The Challenge of Doctors Without Borders Essay

Total Length: 1860 words ( 6 double-spaced pages)

Total Sources: 6



I. Attention Grabber

a. Exposing the Dangers

b. The Doctors without Borders group protested the establishment of the Trans-Pacific Partnership because it saw the TPP would cut off supplies desperately needed for its work

c. The U.S. then attacked a Doctors without Borders hospital in Afghanistan killing dozens and destroying the work of the group for 2 years

i. 42 people died

ii. Including staff, doctors, patients and volunteers

d. This contrast between a nation intent on destroying with bombs and a small group intent on healing with health care and medicine shows that people need to choose sides and support one or the other.

II. Establishing the Need

a. Because of all the conflicts, wars and diseases raging around the world, there is a need for humanitarian service.

b. Doctors without Borders has been satisfying that need since the 1970s

c. However, Doctors without Borders cannot do it alone.

d. If they speak out against the tyranny of the West, they are attacked.

e. They need your help.

III. Satisfying the Need

a. The group cannot continue to satisfy the need if it is targeted politically and blown up literally by bombs and bullets

b. Ordinary people, therefore, have to do more to get involved.

c. The government is accountable to you all.

d. If you protest, they hear you.

IV. Visualizing the Future

a. If you do nothing, this type of madness will continue.

b. It is a choice of deciding which version of humanity you want to live with:

i. The version where violence is the only solution, or

ii. The version where care, commitment and devotion can help to turn lives around and bring peace.

c. The future does not have to be one of war.

d. It can be one of peace—but it depends on us to make that happen.

V. Actualization

a. To actualize this information, you have to raise your voice and be willing to stand up if you get knocked down.

b. Just like Doctors without Borders has done.

c. Its hospital was blown up in Kunduz in 2015

d. Since 2017 it is back up and running again.

e. The hospital is smaller now and less powerful—but it is still a sign of what people can do when they work together for the good:

i. They create things, groups, organizations, structures.

ii. They bring peace and health and life
f. You can do the same by joining or supporting Doctors without Borders


Good afternoon, my fellow students.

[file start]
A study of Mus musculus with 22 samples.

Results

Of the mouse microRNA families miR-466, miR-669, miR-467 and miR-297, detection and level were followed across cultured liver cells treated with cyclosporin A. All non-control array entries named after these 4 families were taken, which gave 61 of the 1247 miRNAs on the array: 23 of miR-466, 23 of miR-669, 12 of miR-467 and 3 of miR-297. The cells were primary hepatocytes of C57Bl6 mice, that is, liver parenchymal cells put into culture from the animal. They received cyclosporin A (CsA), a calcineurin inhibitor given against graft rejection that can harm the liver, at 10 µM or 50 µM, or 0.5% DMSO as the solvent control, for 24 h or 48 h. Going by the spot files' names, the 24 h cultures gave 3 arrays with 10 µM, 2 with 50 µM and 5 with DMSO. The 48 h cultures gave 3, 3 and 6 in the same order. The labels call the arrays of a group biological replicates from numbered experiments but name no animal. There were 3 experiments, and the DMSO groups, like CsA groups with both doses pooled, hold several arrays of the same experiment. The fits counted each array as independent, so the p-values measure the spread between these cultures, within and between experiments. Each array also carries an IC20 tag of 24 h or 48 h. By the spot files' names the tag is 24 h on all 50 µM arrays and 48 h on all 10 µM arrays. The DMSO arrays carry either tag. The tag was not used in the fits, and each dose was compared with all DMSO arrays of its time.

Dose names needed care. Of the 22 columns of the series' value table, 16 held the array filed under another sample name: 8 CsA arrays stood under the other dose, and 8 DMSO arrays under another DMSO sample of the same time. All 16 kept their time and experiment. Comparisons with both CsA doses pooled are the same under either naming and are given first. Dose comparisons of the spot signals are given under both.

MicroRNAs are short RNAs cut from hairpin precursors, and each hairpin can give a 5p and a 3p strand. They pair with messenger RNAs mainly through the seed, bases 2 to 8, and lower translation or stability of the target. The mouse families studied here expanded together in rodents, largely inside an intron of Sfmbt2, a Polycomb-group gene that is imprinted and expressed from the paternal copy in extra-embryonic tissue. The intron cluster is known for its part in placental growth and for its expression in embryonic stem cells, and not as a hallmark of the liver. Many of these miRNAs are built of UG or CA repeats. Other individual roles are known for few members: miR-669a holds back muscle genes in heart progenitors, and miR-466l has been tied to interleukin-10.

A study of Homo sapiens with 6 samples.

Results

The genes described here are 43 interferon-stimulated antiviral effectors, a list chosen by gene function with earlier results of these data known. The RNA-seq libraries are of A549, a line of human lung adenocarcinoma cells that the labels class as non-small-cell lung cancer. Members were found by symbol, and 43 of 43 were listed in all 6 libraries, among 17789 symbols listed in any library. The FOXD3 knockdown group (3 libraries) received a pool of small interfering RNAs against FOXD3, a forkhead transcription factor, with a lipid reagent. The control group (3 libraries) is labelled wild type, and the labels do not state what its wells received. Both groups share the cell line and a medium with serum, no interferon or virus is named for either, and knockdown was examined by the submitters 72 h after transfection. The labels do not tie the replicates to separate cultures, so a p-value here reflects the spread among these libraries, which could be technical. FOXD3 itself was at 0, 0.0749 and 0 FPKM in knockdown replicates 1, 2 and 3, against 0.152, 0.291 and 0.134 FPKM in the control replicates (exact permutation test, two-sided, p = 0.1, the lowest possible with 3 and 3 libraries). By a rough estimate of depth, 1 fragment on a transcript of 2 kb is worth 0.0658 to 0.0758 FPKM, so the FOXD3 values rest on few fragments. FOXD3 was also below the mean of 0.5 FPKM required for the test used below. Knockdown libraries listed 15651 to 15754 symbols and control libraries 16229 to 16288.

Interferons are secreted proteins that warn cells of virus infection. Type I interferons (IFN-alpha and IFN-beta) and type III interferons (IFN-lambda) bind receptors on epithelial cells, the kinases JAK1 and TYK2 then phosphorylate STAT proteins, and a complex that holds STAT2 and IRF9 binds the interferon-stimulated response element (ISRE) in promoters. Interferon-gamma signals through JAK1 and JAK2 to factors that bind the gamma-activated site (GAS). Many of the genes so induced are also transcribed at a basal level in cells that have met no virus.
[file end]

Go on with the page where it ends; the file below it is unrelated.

Stuck Writing Your "The Challenge of Doctors Without Borders" Essay?

Back in 2015 when the U.S. was trying to get the Trans-Pacific Partnership (TPP) passed, one voice rose out among others to condemn what would have been a corporate monopoly on pharmaceuticals: Doctors without Borders. This Nobel Peace Prize-winning organization founded in 1971 (Suen) to address the health care needs of people primarily stuck in conflict zones called the TPP an “imminent threat to global health” (Bernish). As the Obama Administration sought to gain support from the trade agreement that would allow Big Pharma to internationally control the prices of drugs (and thereby control the extent to which health care could be provided to indigent populations), the leaders of Doctors without Borders became more and more vocal, conducting interviews, publishing information on their own and even writing directly to the U.S. President himself (Bernish). As Gordon notes, the group “accused the US government of inserting provisions into the TPP that would interfere with the low-cost delivery of malaria and hiv/aids medicines to developing nations” (Gordon 20).

And then on October 3rd, 2015, U.S. forces bombed the Kunduz region in Afghanistan and destroyed the trauma hospital operated by Doctors without Borders killing 42 people, including patients, volunteers and doctors who had dedicated their lives to helping the victims of the international crises ongoing in the Middle East. It was as though the hospital were directly targeted by U.S. forces because there had been no fighting in the immediate vicinity. The hospital was not a hotbed of terror. It had 92 beds and it “was the only facility treating major trauma injuries in all of northeastern Afghanistan, serving thousands of people. Since opening the hospital in 2011, more than 15,000 surgeries were conducted and more than 68,000 emergency patients were treated” (MSFa). Yet on October 3rd, patients were “burned in their beds, medical staff were decapitated and lost limbs, and others were shot from the air while they fled the burning building” (MSFa). It could only be explained as blowback for speaking out against the health care cartel that wanted to rule the world through the control of the flow of drugs everywhere. Doctors without Borders was targeted directly—“starting at 2:08am on Saturday 3 October, a United States AC-130 gunship fired 211 shells on the main hospital building where patients were sleeping in their beds or being operated on in the operating theatre. At least 42 people were killed, including 24 patients, 14 staff and 4 caretakers. Thirty-seven people were injured” (MSFb). The U.S. claimed, first, that it had hit the….....


Arsalai, Mohammed. A glimmer of hope in Afghanistan as MSF opens clinic two years
after hospital bombing. The New Arab, 2017.

Bernish, Claire. Did Obama Bomb Doctors Without Borders for Opposing TPP?
AntiMedia, 2015.

Gordon, Bernard K. \"Trading Up in Asia: Why the United States Needs the Trans-Pacific
Partnership.\" Foreign Affairs (2012): 17-22.

MSFa. Kunduz Hospital Attack.

MSFb. On 3 October 2015, US airstrikes destroyed our trauma hospital in Kunduz, Afghanistan, killing 42 people.

Suen, Anastasia. Doctors without Borders. NY: Rosen Publishing Group, 2002.